Updated March 2016 – official Twitter platforms now make it harder to see tweets in search results but this doesn’t affect third party apps.
Actually ‘now’ is a little bit cheeky of me. It’s always been like that and I’m pretty confident it will always be that way – because Twitter is “default public” by which I mean that you don’t need to be logged in to Twitter to view anyone’s account. If someone’s blocked you then you can view their tweets by logging out because once you’ve logged out Twitter doesn’t know that you’re the person they’ve blocked and, if their account is public, it will let you see their tweets.
In fact Twitter is so public that there’s probably no need for you to log out. Most of the apps that people use on their phones and tablets (such as Echofon or Janetter) will show their profile to you and desktop apps like Tweetdeck will do the same. You can also search Google to see any public tweets.
Official Twitter platforms such as desktop Twitter (twitter.com on a web browser) will probably tell you that you can’t view their tweets or follow them because they’ve blocked you but if you search for their name (from:theirname to see tweets they’ve sent or to:theirname / @theirname to see tweets sent to them, theirname (by itself) will bring up either) you’ll see all of their tweets. The only thing you can’t do is to favourite or RT them (you can copy and paste the text of their tweet and manually retweet it though).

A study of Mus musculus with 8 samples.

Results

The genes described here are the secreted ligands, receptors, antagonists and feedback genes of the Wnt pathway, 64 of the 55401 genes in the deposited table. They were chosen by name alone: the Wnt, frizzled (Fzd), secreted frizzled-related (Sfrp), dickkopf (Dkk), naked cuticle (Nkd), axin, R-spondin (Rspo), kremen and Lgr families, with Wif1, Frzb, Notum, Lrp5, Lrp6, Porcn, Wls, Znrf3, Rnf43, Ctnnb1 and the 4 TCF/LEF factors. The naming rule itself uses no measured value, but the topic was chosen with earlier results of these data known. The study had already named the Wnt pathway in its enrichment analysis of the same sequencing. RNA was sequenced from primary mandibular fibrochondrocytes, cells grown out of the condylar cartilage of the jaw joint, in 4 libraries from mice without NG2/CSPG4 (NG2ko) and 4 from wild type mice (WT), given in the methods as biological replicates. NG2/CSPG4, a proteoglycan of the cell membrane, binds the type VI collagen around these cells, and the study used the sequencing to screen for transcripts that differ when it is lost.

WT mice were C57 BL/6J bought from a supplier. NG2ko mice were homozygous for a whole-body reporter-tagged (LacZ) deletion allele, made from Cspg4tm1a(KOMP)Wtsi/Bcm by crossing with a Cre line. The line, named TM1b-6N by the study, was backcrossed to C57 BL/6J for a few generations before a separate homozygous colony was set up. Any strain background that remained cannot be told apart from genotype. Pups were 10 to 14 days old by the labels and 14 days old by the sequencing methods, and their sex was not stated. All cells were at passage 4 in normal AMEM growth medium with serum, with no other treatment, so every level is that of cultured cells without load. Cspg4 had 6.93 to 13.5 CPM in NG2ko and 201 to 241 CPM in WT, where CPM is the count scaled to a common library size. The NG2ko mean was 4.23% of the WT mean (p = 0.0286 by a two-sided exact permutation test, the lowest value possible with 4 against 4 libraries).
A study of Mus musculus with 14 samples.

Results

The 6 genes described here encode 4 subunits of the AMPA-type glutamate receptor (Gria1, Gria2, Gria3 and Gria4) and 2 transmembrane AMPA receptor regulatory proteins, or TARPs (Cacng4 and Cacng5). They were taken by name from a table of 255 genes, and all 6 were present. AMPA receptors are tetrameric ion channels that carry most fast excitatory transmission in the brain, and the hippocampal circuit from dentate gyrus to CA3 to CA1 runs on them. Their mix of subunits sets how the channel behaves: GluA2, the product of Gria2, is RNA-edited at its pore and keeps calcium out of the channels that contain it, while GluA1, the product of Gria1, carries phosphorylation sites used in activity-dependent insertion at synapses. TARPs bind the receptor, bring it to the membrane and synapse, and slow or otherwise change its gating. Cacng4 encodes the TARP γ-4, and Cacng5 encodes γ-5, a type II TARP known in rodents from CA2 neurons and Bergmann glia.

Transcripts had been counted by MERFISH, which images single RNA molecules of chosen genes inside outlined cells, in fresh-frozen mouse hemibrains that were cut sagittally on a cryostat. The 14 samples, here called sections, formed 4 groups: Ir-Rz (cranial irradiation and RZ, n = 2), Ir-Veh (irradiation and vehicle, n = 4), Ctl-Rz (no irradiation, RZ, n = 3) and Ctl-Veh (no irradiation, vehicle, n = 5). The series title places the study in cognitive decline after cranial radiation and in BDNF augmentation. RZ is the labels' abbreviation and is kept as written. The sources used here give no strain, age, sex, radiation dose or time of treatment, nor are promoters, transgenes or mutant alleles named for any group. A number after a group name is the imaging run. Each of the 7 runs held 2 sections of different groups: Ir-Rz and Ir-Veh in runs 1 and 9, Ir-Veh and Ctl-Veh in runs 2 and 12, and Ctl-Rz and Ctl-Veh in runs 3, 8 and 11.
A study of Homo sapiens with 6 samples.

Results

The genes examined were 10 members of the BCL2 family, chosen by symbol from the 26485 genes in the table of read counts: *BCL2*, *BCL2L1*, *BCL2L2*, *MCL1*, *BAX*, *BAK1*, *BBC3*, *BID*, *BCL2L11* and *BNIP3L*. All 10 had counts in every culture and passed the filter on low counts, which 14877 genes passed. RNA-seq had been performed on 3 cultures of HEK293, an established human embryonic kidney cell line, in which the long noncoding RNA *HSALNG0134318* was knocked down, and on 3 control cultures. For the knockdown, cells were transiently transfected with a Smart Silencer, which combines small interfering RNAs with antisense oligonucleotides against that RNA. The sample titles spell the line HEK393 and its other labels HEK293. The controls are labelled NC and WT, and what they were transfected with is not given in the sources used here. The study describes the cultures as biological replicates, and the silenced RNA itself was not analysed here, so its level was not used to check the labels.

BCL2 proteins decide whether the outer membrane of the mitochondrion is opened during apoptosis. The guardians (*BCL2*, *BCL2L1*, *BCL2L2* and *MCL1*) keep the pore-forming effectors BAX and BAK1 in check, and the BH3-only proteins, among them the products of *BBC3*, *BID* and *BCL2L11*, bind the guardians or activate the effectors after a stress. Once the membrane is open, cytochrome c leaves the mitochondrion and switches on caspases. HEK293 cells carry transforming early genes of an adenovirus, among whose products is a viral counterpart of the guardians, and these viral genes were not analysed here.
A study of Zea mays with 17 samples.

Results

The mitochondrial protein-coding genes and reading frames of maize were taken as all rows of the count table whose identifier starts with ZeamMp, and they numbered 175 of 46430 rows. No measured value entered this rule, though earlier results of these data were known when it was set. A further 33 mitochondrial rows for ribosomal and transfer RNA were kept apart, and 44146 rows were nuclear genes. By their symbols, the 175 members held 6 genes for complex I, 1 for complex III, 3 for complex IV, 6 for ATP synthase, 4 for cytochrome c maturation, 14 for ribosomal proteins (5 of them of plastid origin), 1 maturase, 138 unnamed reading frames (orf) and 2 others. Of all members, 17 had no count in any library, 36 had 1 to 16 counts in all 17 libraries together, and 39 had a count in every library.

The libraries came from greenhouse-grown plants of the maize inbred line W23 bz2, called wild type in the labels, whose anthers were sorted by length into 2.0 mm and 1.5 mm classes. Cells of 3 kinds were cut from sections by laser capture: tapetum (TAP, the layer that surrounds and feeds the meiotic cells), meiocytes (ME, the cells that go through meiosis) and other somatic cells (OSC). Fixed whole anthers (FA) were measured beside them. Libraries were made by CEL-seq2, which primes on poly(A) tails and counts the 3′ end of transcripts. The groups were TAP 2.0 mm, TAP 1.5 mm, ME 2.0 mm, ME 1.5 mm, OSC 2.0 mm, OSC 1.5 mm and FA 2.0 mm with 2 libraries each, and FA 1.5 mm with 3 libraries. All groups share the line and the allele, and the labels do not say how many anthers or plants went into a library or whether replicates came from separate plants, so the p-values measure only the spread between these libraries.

There is no technological solution to this other than for Twitter to make its interface more closed. I strongly suspect that Twitter doesn’t wish to do this.
The only way someone can stop someone else from viewing their tweets is to stop everyone (other than approved followers) from viewing their tweets by making their account private.
Some ways you can view people’s tweets even after they’ve blocked you
- Search for their name (the desktop version of Twitter is a better way to search) on Twitter or Google
- Use a third party app that shows profiles even if they’ve blocked you
- Log out from Twitter
Note: this is one of two otherwise identical posts. This one is written from the perspective of someone who’s been blocked by someone else, the other post is from the perspective of someone who’s done the blocking.